Since LEDs are relatively new to the indoor horticulture industry, there are many false misconceptions that are important to recognize before evaluating or purchasing LED grow lights.
Color Temperature (Kelvin)
Many people use color temperature (Kelvin) as a main factor when evaluating grow lights, however, Kelvin only measures how light looks to the human eye— i.e. whether white light has a warmer or cooler color temperature to it. Color temperature tells us very little about the actual color spectrum distribution of a light, which is what actually impacts plant growth. This color spectrum cannot always be perceived accurately by the human eye, which is why lights with the same Kelvin that look identical in color temperature can have different spectrum profiles which will have different effects on plant growth. The popularity of using Kelvin comes from a time when most grow lights used were HPS or CMH, both of which are high-intensity discharge (HID) lights. These types of lights produce fixed spectrums of lights which is a result of them all using the same gases in their lamps, so there is not much variation between lights. That made it okay to speak about the color temperature in much less precise terms. LEDs however can produce almost any spectrum of light in any distribution depending on the quantity and type of chips used.
The color spectrum profile of a light is important to consider because each wavelength (color) of light is responsible for a different aspect of the plant’s growth. For example, blue light drives stockiness, while red light helps plants stretch, while green light helps penetrate plant canopies. Plants use all wavelengths of light for well-rounded growth, which is why it is optimal to get a full-spectrum light that uses a combination of all colors. Most high-end LEDs use a full-spectrum white light, similar to the light from the sun that the plants evolved to grow under. This is why color temperature is not the most accurate way of evaluating the spectrum of LED lights and you should instead be considering the specific light spectrum distributions of each light.
When considering different grow lights, many people look at wattage to determine how powerful the light will be. However, wattage only specifies how much power the light uses, but not how much light output it actually produces for plants. The light output, or PPF, is what ultimately determines how effective the light will be for growing plants. Using wattage to evaluate how much PPF a grow light produces is another hold over from when HPS and CMH lights were the standard. They had relatively fixed efficacies. Meaning regardless of the brand a 1000W DE HPS light was always going to be producing a very similar amount of light. However, this is not the case for LED grow lights.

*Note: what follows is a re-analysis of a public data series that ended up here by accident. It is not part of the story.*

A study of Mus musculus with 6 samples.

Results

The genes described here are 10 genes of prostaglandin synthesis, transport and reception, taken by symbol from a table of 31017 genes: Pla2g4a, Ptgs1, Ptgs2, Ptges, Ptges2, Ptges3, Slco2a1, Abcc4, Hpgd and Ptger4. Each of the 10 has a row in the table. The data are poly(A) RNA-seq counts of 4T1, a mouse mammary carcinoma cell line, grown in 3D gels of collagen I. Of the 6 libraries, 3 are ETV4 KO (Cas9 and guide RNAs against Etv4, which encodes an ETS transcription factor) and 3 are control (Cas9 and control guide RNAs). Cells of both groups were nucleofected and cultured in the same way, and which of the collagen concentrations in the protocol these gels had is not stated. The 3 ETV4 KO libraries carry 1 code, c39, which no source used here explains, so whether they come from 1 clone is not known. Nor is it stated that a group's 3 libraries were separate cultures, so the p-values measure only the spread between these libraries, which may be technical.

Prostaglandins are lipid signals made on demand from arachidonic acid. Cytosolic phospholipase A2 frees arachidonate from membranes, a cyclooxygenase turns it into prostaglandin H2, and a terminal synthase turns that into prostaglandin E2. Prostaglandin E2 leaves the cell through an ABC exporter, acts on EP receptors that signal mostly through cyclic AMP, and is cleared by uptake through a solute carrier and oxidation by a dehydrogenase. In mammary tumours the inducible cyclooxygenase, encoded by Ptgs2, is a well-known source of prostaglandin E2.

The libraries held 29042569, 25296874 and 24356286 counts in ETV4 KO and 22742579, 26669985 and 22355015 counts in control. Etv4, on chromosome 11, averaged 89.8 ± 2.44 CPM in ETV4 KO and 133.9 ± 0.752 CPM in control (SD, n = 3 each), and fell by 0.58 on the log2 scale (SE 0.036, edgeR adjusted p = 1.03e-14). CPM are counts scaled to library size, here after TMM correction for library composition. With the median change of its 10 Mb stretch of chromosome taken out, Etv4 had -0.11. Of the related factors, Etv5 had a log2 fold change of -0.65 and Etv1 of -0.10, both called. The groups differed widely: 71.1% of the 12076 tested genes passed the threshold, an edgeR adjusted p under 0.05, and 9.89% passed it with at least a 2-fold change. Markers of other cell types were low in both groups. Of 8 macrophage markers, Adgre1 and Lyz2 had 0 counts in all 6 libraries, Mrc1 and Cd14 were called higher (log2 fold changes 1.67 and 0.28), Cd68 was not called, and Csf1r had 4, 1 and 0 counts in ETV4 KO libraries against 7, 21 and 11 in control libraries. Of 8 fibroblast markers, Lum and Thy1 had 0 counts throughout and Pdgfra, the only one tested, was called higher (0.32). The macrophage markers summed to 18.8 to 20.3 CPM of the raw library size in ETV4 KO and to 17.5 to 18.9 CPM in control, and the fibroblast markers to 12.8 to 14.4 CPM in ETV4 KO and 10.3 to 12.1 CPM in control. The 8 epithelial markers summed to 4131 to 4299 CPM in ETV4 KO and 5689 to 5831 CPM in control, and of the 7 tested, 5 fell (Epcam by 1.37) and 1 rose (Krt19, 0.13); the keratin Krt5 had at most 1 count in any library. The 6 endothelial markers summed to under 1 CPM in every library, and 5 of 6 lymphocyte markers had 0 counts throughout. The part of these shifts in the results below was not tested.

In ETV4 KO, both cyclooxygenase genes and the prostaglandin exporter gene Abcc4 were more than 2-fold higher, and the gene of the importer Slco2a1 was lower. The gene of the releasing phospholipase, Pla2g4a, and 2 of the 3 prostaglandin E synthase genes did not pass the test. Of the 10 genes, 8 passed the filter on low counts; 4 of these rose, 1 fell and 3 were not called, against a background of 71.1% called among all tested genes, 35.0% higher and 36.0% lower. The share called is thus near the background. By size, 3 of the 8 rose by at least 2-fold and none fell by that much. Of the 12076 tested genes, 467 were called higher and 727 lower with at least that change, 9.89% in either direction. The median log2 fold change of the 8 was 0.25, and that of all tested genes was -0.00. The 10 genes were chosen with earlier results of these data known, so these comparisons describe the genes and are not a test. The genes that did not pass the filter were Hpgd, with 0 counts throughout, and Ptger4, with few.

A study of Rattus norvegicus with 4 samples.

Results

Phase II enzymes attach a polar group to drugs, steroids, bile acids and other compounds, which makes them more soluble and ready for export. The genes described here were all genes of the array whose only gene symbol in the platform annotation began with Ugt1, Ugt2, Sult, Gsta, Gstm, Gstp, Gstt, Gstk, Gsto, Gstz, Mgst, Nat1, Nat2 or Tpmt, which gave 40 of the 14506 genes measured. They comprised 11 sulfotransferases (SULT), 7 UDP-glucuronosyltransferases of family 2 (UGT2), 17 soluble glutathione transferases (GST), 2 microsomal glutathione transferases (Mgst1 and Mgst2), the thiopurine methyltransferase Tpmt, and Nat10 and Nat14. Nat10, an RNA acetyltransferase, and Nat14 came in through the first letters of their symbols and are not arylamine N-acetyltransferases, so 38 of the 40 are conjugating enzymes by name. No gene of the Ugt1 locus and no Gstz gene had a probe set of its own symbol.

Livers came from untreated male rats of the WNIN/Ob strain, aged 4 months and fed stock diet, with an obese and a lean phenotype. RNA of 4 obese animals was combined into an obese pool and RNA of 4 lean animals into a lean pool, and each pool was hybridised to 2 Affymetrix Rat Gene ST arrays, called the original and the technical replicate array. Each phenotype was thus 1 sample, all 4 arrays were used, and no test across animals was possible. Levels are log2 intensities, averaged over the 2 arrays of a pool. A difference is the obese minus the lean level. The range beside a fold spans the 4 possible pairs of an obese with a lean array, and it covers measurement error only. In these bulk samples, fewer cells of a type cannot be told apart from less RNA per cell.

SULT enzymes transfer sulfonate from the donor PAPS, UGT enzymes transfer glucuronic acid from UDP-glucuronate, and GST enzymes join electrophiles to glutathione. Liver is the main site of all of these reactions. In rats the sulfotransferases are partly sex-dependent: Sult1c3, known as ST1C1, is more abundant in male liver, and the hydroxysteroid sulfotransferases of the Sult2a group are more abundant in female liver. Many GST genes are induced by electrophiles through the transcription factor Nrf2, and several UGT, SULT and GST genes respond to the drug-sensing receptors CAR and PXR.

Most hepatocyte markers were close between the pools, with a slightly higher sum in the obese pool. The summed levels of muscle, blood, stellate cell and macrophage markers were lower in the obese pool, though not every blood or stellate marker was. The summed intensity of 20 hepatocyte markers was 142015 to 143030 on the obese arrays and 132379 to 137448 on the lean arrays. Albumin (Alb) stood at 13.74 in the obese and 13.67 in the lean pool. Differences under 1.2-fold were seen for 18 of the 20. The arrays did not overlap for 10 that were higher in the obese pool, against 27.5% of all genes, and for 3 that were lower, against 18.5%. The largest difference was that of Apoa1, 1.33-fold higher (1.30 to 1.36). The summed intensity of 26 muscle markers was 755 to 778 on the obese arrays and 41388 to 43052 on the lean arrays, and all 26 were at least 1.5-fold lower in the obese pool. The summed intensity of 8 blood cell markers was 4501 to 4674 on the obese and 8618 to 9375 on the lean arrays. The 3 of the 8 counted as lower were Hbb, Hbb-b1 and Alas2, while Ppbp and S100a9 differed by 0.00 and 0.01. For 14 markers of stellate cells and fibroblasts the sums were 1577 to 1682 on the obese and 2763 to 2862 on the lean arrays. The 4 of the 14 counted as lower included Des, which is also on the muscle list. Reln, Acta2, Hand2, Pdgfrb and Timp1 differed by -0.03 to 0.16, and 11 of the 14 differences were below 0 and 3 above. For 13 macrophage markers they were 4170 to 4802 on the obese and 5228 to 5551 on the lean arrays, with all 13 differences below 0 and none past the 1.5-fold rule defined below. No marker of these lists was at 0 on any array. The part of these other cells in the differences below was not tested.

What is more important for LEDs is to consider is the efficacy of that specific light, which is how efficiently a light can convert that power (wattage) into light for your plants. Efficacies differ depending on the quality of the LED grow light, which means lights with the exact same wattage could have very different light outputs. For example, since LEDs are much more efficient than HID lights, our 720W FL-1 LED Light has a higher light output than the average 1000W DE HPS Light while using less energy. Even among LEDs there is a large variation in efficacy. An example of that is how our 440W VL-1 LED Light has an efficacy of 2.8 µmol/J is able to produce a higher PPF than HLG’s 480W grow light since it only has an efficacy of 2.5 µmol/J. You want to look for lights that have high efficacies, so you can get the highest light output while also using less electricity.
Calcium Magnesium Deficiencies
LEDs causing Calcium Magnesium deficiencies is a rumor that started when people began noticing purple stems when using LED lights but not HPS. While purple coloring can be a sign of magnesium deficiency, if your plants do not have any other signs of distress this coloration means the plant is producing natural purple pigments (anthocyanin) in response to UV light. This is only true under high-quality full spectrum lights that produce UV light, and since many artificial HPS and LED lights don’t produce UV, this purple coloring is unfamiliar to many growers. Therefore, if there are no other signs of distress— such as yellowing blotchy leaves— purple stems are not necessarily a negative sign, and in fact, is a positive sign if you are using a high-quality light.
Once you decide to switch to LED grow lights, it is also important to note you cannot run them exactly as you would HPS/HID lights. Read our article “Common Mistakes To Avoid When Growing With LED Grow Lights” to know what new factors you need to take into account in order to maximize your LED grow.